We may create fantastic machines, but will they absorb our own flaws?
Our future is bright, but it seems there are some problems we can’t shake off. Sadly, sexism might be one of them.
The newly appointed UK Artificial Intelligence leader at PwC has warned of the risks of tech being designed by overwhelmingly male teams.
There has been growing concern – especially after AI systems used by US police were shown to discriminate suspects based on race – that gender bias will soon become an issue too.
“One of the obvious issues in the AI environment is gender diversity that’s characterised by more males than females, particularly on the technical side, and which can lead to potentially hidden or unconscious biases being coded in,” Euan Cameron told The Memo.
Even if a diverse team designs an AI, says Cameron, there’s no guarantee it won’t absorb biases when it is being trained or learning from a human.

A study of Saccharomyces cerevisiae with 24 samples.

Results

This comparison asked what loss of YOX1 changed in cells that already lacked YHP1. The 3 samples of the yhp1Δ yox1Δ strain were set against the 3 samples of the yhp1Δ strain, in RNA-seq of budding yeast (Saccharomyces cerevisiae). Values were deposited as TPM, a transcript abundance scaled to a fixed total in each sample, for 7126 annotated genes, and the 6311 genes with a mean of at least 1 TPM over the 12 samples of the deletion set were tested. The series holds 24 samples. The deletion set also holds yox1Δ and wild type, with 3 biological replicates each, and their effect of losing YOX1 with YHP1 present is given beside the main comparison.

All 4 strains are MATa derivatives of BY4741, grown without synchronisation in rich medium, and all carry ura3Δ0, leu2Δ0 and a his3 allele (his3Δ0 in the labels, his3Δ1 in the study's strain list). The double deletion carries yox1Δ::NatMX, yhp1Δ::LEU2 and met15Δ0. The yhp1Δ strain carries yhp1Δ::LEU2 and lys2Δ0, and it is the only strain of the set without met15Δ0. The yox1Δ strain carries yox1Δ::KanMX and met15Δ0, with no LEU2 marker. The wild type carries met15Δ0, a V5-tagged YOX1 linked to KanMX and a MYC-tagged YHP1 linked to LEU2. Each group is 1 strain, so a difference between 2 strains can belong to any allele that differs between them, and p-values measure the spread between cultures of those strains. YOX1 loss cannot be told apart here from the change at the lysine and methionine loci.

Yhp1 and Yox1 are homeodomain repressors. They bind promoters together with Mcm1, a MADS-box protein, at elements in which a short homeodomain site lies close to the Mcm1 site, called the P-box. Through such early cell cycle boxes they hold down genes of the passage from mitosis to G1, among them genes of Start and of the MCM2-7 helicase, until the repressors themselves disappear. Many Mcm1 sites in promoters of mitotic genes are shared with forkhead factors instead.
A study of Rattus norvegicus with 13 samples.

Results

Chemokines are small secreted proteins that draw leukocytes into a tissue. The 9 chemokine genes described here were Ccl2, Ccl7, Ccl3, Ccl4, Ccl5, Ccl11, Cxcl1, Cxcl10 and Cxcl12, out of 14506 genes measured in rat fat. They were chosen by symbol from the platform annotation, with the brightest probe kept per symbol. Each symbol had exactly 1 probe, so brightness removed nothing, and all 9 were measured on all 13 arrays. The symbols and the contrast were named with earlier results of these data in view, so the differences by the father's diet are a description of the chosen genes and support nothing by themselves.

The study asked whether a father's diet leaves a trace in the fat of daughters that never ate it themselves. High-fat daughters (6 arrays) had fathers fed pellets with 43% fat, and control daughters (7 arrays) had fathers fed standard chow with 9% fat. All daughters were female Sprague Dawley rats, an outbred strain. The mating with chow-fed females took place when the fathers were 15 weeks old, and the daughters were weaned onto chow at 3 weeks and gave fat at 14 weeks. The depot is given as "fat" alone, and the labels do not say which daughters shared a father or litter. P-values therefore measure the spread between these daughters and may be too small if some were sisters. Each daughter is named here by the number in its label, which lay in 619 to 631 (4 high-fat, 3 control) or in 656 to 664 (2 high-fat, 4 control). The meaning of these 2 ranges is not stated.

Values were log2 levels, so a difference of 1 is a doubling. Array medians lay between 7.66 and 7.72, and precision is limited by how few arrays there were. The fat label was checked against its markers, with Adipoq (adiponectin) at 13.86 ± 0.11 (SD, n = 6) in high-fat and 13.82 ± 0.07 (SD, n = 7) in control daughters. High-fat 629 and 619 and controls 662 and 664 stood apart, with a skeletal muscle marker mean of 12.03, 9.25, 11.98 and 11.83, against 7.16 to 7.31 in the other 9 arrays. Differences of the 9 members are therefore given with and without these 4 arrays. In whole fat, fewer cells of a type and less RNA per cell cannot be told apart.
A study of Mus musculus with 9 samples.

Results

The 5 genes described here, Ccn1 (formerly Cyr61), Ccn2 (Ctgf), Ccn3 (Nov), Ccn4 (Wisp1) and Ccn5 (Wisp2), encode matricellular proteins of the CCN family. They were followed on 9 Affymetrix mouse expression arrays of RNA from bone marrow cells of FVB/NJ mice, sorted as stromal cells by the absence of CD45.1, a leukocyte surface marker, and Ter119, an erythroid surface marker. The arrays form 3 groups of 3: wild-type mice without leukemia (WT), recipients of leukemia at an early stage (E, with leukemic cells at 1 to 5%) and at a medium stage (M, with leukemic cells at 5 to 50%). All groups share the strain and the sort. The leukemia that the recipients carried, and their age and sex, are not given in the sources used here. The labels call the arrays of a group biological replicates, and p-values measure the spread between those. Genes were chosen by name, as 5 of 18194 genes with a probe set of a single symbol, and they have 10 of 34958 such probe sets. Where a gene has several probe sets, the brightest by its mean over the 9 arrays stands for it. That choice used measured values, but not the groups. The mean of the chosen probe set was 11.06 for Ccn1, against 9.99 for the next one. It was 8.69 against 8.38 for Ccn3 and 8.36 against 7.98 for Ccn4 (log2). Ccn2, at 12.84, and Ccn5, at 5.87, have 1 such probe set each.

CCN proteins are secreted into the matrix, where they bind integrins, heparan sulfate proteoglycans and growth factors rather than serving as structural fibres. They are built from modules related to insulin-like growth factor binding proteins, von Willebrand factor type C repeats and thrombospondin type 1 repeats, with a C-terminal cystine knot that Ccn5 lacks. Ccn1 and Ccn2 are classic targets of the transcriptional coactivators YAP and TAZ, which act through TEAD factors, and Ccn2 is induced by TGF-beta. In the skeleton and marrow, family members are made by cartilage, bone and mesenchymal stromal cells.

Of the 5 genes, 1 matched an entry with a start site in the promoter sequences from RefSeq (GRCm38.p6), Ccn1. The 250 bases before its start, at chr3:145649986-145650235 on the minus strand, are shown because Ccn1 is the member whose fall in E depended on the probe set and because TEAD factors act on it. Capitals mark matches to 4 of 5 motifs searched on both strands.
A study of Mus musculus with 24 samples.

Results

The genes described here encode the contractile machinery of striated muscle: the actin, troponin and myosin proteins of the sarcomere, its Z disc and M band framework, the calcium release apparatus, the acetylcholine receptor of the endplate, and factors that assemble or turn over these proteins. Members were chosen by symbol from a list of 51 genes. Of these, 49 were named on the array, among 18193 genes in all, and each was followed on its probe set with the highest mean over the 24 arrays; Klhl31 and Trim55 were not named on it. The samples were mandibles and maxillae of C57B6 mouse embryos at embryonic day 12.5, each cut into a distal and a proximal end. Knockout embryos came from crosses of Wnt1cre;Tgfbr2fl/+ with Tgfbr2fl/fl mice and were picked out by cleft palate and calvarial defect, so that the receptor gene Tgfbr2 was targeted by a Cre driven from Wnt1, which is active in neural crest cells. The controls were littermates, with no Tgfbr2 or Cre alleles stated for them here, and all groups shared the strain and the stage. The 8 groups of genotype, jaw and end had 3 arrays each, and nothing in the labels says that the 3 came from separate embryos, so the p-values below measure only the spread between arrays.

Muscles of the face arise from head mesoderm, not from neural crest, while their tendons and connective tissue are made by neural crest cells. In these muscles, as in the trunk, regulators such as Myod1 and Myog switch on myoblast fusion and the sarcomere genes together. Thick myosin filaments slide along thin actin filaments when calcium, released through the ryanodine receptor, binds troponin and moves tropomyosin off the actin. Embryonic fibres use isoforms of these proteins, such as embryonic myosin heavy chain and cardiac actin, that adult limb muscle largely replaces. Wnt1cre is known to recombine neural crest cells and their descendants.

For instance, even among the most diverse groups of people, studies have shown words like “female” and “woman” are more often associated with jobs in the arts and humanities, while “male” and “man” are closely associated with maths and engineering.
It’s also been proven that AI is picking up these subtle gendered associations.
Cameron says he’ll be working with companies to highlight these biases and recommend ways to protect against them.
“You need a process of governance around an AI system so at least you can take every step to make sure you have guarded against bias becoming built in.”
It’s a big job and one that’s only set to get more pressing over time as artificial intelligence spreads through our society.
For his part, Cameron predicts that there’ll be no corner of our world that won’t be touched by the new technology.
“It’s a quiet revolution, which is not immediately obvious to the users or consumers, but will nevertheless have a fundamental impact on the business models across every sector.”